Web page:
The DNV GL-led joint industry project, WIN WIN (WINd powered Water INjection), has completed its first phase and determined that wind power could be used to power offshore water injection. The project is currently moving into its second phase, which includes refining and testing the electrical systems, and investigating possibilities for broader applications.
WIN WIN uses a floating wind turbine as a platform for an autonomous water injection system. An electric microgrid enables controlled startup and shutdown, while an on-platform battery bank provides operational continuity during periods of low wind.
Seawater is lifted, treated and then injected into the reservoir. The turbine is moored in immediate proximity to the injection wells, operating independently from the production platform. This eliminates the need for long subsea pipelines and power cables. The system can be relocated to new fields and wells.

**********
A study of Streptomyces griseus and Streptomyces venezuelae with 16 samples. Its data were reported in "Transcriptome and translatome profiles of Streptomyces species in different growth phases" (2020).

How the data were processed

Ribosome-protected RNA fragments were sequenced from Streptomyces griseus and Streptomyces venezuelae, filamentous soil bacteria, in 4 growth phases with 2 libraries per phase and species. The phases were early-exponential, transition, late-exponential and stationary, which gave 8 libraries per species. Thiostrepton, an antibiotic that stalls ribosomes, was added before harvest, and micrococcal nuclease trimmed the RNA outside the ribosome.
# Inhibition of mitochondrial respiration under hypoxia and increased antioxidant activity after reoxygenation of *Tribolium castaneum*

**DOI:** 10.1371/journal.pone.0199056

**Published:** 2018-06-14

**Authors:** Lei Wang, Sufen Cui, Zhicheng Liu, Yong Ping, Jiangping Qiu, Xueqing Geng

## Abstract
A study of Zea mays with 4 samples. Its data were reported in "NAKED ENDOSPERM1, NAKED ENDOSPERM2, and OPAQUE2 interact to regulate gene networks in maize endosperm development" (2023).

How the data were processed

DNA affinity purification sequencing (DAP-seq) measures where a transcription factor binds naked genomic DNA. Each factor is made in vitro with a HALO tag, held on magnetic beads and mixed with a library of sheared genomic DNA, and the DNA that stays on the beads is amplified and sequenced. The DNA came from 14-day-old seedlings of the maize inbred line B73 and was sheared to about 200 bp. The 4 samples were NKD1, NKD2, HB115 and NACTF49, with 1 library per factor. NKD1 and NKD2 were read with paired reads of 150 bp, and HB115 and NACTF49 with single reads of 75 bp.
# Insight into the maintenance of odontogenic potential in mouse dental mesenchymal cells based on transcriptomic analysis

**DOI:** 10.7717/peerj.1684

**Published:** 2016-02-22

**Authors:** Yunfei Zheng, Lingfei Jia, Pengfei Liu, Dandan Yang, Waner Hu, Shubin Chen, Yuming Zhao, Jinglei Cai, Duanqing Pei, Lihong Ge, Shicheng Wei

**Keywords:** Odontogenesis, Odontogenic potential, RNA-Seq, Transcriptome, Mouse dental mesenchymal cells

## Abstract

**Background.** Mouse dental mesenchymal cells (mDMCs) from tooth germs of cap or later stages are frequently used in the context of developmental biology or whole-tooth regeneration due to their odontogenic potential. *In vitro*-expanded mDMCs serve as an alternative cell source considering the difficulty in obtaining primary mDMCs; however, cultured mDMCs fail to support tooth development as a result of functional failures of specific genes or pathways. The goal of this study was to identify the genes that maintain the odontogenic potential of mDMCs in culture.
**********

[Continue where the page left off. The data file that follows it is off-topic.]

The project team includes four partners: DNV GL, ExxonMobil and ENI Norge (all part of the first phase) and the Norwegian Research Council—a new participant for this second phase.
The first phase of the project determined the concept is technically feasible, is capable of meeting performance targets, and is cost-competitive with conventional water-injection solutions.
The second phase will focus on extensive physical lab testing of the electrical systems at the DNV GL power laboratories in Arnhem, the Netherlands, thereby maturing the technical concept and expanding the system performance.
If all tests are successful, a realistic timeline for a first full scale prototype could be around 2020, said project manager Johan Slätte.
The next phase of WIN WIN will also help to further develop the economic feasibility of wind and potentially other renewables in complex environments with demanding functional requirements. The concept showcases alternative sources of energy and its reliability for off-grid situations.